Campaign win: Peatland heath burning set to be banned in blow for grouse shooters

Climate campaigners are celebrating the news, following a long-running campaign to stop the practice.

The government has announced new legislation which will prevent heather burning on peatlands, following a campaign by environmental groups and Labour MP Olivia Blake. 

The controversial practice of burning heather-covered peatland has long been criticised by campaigners for releasing millions of tonnes of CO2 into the atmosphere, damaging biodiversity and increasing the threat of flooding. Campaigners have also credited the practice with recent increased flooding.

The ban follows a Government pledge to phase out the practice of moorland burning over a year ago.

Moorland burning is designed to encourage the growth of new heather shoots, to create a more attractive habitat for grouse. But climate campaigners say it damages the peat underneath, releasing previously locked-in greenhouse gases into the atmosphere.

Earlier this year Sheffield Hallam MP Olivia Blake, whose constituency contains areas of moorland in the Peak District National Park, secured a debate on the issue in Parliament, noting: “There is no way that this Government can tackle the climate crisis without ensuring that our peatlands continue to store this colossal quantity of carbon. It would be an absolute catastrophe if it is released.”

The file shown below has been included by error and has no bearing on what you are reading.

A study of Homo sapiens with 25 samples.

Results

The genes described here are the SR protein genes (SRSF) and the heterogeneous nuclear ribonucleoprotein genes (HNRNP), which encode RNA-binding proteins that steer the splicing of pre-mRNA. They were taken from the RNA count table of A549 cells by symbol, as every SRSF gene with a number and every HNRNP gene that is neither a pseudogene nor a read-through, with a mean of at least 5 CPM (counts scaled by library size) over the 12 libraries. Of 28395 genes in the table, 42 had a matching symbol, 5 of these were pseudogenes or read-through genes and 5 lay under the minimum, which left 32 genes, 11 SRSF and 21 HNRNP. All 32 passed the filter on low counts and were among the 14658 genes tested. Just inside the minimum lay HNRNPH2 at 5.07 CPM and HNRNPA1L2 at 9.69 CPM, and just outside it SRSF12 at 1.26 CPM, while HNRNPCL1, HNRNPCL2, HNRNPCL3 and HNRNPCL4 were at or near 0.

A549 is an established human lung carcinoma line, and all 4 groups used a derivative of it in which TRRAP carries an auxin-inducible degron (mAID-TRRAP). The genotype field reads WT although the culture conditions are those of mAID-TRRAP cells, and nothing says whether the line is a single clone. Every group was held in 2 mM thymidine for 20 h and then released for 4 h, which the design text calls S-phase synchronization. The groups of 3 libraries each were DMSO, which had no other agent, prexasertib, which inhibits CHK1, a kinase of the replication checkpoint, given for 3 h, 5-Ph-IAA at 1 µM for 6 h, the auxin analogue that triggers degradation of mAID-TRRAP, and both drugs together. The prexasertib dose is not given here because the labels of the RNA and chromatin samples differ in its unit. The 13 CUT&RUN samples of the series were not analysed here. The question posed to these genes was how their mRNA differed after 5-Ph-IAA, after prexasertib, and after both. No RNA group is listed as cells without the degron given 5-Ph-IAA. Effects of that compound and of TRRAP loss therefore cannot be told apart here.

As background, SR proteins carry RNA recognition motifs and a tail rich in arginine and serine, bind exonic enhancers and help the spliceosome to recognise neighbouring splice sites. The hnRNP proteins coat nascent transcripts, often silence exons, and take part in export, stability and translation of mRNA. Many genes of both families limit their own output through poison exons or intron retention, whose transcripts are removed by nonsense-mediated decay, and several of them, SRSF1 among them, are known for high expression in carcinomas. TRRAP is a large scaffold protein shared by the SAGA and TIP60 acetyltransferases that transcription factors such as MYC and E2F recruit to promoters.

The new regulations will prevent the burning of any specified vegetation on areas of deep peat (over 40cm depth) on a Site of Special Scientific Interest that is also a Special Area of Conservation or a Special Protection Area, unless a licence has been granted or the land is steep or rocky. 

Paul de Zylva, nature campaigner at Friends of the Earth, told LFF: “Burning peat has no place in managing land. It contributes to climate breakdown and is damaging to nature. It’s great that the government wants to end peat burning on the nation’s nature havens, but with lots of Britain’s peatlands falling outside nature reserves this announcement still leaves vast areas at risk of being burned.”

Following the government announcement Blake said: “This is a hugely welcome victory for campaigners who have been pushing the government on this for years now. It is a positive step that ministers have finally recognised that a ban is necessary, rather than the voluntary agreements which they have favoured in the past.

Blake added that campaigners are still awaiting details of the policy from ministers.

“Banning heather burning is also only part of the picture. The government must do more to restore our peatlands. I have asked the Government several times when we can expect their long-awaited strategy for peatland restoration and I will continue to hold them to account on this. One thing is clear: the climate and nature emergency demands action. We urgently need a strategy for our peatlands that will lock CO2 in the ground, protect biodiversity, and help restore this precious natural resource,” Blake said.

The victory comes a week after new regulations were introduced in Scotland making it illegal to intentionally kill, injure or take mountain hares at any time unless a licence is obtained from this March.

DEFRA could not be reached for comment.

Josiah Mortimer is Co-Editor of Left Foot Forward.